How to Wash Dog Toys and Pet Products

Between the bacteria that live or pass through your dog's mouth and those that live and reproduce in the biofilm left on his toys, there are millions of reasons to disinfect your dog's toys regularly.


Does your dog have a favorite toy? He plays with it daily, sleeps with it nightly, and when guests come over, he excitedly parades around with it. That toy is the source of much joy and happiness, but if it’s not cleaned regularly, it’s also the source of significant bacterial build-up.

In a 2011 germ study by NSF International, pet bowls and toys each ranked among the top 10 germ-infested items commonly found within the home. Left unchecked, toys become a breeding ground for a variety of bacteria such as staph, yeast, mold, and even fecal contaminants like e. coli.

Developing a cleaning schedule for your dog’s toys and bedding can help keep both pets and people healthy by reducing the amount of bacteria and allergens in the environment. Toys that can be “stuffed” with food, such as Kongs, Toppls, or similar items, should be thoroughly cleaned after each use. Food and water bowls should be cleaned daily, too.


According to Rachel Goldammer, a service-dog breeding consultant and interim kennel manager at Guide Dogs of America in Sylmar, California, it’s important to use a degreasing agent when washing both hard and soft toys. 

A degreaser is needed to break up biofilm, that slimy layer commonly found at the bottom of your dog’s food and water bowls. It’s also what makes used hard toys and bones feel slippery when wet, and what makes well-loved, unwashed soft toys start to feel a little crispy. It may seem like harmless dog slobber, but it’s actually a pesky mix of bacteria – hiding out underneath a protective layer of proteins and lipids – with the potential to make both pets and people sick. 

When washing hard, non-porous bones and toys, dish soap (such as Dawn Dishwashing Liquid) works well, as it’s designed to cut grease on kitchenware. Fill the sink with hot water and add soap. Allow bones and toys to soak for five to 10 minutes. Scrub and rinse well. For maximum cleanliness, finish with a disinfecting soak in a diluted bleach-water bath using 2 tablespoons of bleach per 1 quart of water. Rinse well.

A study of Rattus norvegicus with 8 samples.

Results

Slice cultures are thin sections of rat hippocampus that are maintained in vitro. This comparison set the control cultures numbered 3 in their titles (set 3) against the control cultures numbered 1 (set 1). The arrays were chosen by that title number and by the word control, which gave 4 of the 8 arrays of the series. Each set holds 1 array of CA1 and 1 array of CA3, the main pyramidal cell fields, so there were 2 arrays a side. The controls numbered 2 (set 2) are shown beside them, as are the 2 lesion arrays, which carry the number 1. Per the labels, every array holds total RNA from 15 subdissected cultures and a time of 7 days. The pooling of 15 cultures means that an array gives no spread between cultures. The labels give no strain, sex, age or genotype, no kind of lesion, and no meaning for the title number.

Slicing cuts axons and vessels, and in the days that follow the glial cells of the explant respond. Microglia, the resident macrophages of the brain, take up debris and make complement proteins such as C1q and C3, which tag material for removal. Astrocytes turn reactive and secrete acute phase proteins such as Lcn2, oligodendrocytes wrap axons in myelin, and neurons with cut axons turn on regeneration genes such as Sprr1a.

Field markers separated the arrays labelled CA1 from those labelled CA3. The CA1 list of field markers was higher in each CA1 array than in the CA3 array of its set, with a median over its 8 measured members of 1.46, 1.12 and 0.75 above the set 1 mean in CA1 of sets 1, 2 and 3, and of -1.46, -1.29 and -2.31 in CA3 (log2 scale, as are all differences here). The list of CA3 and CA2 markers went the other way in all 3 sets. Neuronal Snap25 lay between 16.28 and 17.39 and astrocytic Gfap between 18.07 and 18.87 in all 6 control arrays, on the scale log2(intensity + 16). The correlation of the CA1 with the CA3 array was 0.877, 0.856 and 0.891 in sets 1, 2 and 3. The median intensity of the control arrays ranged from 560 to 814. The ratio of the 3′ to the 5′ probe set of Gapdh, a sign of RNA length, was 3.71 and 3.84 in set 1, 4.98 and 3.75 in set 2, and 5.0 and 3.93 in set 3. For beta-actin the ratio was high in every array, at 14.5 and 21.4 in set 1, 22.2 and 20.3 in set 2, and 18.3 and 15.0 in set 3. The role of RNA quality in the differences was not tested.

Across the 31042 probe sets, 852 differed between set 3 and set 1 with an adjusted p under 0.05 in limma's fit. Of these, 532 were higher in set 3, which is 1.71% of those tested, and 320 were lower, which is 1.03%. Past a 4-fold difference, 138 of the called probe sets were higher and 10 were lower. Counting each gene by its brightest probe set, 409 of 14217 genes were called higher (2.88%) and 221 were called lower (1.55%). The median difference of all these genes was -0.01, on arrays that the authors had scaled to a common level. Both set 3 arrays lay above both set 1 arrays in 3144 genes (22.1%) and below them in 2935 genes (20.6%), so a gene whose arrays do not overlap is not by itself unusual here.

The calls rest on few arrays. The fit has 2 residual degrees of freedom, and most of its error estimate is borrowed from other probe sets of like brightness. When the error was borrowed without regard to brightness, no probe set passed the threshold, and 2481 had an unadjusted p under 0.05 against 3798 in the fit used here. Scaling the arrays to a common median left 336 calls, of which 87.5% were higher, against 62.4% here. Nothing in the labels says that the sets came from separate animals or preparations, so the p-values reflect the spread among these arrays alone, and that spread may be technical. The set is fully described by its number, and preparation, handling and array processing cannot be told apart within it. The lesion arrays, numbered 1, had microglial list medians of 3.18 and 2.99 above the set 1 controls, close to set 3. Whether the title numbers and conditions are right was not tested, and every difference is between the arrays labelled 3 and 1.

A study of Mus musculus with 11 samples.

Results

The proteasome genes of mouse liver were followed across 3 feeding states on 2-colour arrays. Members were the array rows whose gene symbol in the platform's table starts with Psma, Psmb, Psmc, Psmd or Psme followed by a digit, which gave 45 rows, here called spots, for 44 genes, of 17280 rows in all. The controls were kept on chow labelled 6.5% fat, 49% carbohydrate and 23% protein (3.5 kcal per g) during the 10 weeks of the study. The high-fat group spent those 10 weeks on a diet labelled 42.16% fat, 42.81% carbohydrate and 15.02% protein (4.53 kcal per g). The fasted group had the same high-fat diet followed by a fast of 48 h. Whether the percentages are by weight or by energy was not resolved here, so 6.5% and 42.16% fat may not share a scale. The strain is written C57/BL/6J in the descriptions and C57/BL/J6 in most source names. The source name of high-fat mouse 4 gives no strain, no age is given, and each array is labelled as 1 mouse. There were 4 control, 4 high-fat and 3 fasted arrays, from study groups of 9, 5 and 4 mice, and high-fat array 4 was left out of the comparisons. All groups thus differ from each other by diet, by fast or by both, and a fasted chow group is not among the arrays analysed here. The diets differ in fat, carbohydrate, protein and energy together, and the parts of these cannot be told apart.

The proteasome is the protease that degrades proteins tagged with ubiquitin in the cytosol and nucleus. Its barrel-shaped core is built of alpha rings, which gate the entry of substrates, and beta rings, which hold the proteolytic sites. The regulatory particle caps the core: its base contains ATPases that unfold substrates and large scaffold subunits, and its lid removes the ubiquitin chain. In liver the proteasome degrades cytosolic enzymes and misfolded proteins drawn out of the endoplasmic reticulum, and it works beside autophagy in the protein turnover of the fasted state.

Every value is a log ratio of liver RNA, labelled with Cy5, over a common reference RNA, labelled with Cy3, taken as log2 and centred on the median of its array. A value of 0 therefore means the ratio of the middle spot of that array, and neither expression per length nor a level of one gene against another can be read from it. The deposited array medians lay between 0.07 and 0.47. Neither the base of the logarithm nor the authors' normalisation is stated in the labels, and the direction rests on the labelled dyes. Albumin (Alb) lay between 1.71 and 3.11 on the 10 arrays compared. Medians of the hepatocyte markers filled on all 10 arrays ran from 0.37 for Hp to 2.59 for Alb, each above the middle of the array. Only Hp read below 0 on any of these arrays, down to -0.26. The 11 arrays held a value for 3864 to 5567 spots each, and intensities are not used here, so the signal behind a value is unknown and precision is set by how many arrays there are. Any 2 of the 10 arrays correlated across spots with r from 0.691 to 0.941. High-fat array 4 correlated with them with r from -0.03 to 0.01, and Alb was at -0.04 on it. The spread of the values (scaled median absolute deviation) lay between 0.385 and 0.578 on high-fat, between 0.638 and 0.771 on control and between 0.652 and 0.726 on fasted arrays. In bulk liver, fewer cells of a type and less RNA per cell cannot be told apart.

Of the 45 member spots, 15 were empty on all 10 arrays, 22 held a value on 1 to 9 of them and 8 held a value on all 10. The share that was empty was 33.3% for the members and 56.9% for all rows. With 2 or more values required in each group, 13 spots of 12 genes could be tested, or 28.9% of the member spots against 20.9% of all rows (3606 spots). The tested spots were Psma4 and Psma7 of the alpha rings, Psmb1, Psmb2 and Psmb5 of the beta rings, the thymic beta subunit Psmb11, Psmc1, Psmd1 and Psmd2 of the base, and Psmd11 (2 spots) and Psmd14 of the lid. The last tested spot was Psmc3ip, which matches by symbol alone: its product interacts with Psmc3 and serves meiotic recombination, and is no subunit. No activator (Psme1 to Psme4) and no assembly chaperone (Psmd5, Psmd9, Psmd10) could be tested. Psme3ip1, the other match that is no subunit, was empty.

You can clean dishwasher-safe toys using your dishwasher’s sanitize mode, as long as the water temperature reaches at least 120° F. 

Many people prefer a more natural approach to disinfecting. For example, The Honest Kitchen recommends soaking hard bones and toys in a bath of equal parts water and white vinegar, using a sprinkle of baking soda on toys in need of an especially good scrub. While this may suffice under normal conditions, Goldammer says certain bacteria and protozoa can survive many of the natural cleaners, so consider your personal circumstances when deciding how to clean. 


how to clean soft dog toys
Bacteria-laden biofilm is what makes soft toys feel crunchy when dry; washing with a soap that contains a degreasing agent eliminates that film.

For washing soft dog toys, Goldammer recommends Tide Original liquid laundry detergent on a hot-wash cycle. “It doesn’t leave a residue, and a little goes a long way,” she says. Tide Original is her product of choice not only for its proven degreasing properties, but also because it contains fewer chemicals than most laundry pods or specialty formulas. 

Tossing your dog’s toys in with your weekly hot-wash load, regardless of which laundry product lines your shelf, is a good start. But remember – while it will get the toys visibly cleaner, it may not effectively kill all the bacteria. If you share your home with immunocompromised pets or humans, it may be worth switching to Tide Original for its biofilm-busting properties and some added peace of mind. 

It’s good practice to wash your dog’s toys every couple of weeks. Creating multiple sets of toys can help establish a cleaning routine while keeping your dog excited about the “new” toys that seem to appear every other week. As you rotate toys, be sure to inspect for damage that might lead to the accidental ingestion of pieces and parts. 


  1. This is very good information. I have dog toys that are probably just incubating germs and bacteria. I’ll have to get to moving on cleaning using your tips! Thanks!

  2. I never use any kind of toxic soap or chemical to clean dog toys or bedding. There is always the chance that some chemical residue will be left behind, despite rinsing. We had a dog years ago who died a horrible death. His veterinarian suspected ingestion of some sort of poison over a long period of time. I have always suspected it was the towel he loved to carry around and chew on. The towel was regularly washed in commercial laundry detergent. For my own dogs’ toys, I just toss them in the washer in hot water with some baking soda and vinegar. There’s a lot to be said for the power of high heat to kill germs.

  3. Many toys contain plastic squeakers which when immersed get water inside and never dry leading to the formation of toxic molds & mildew.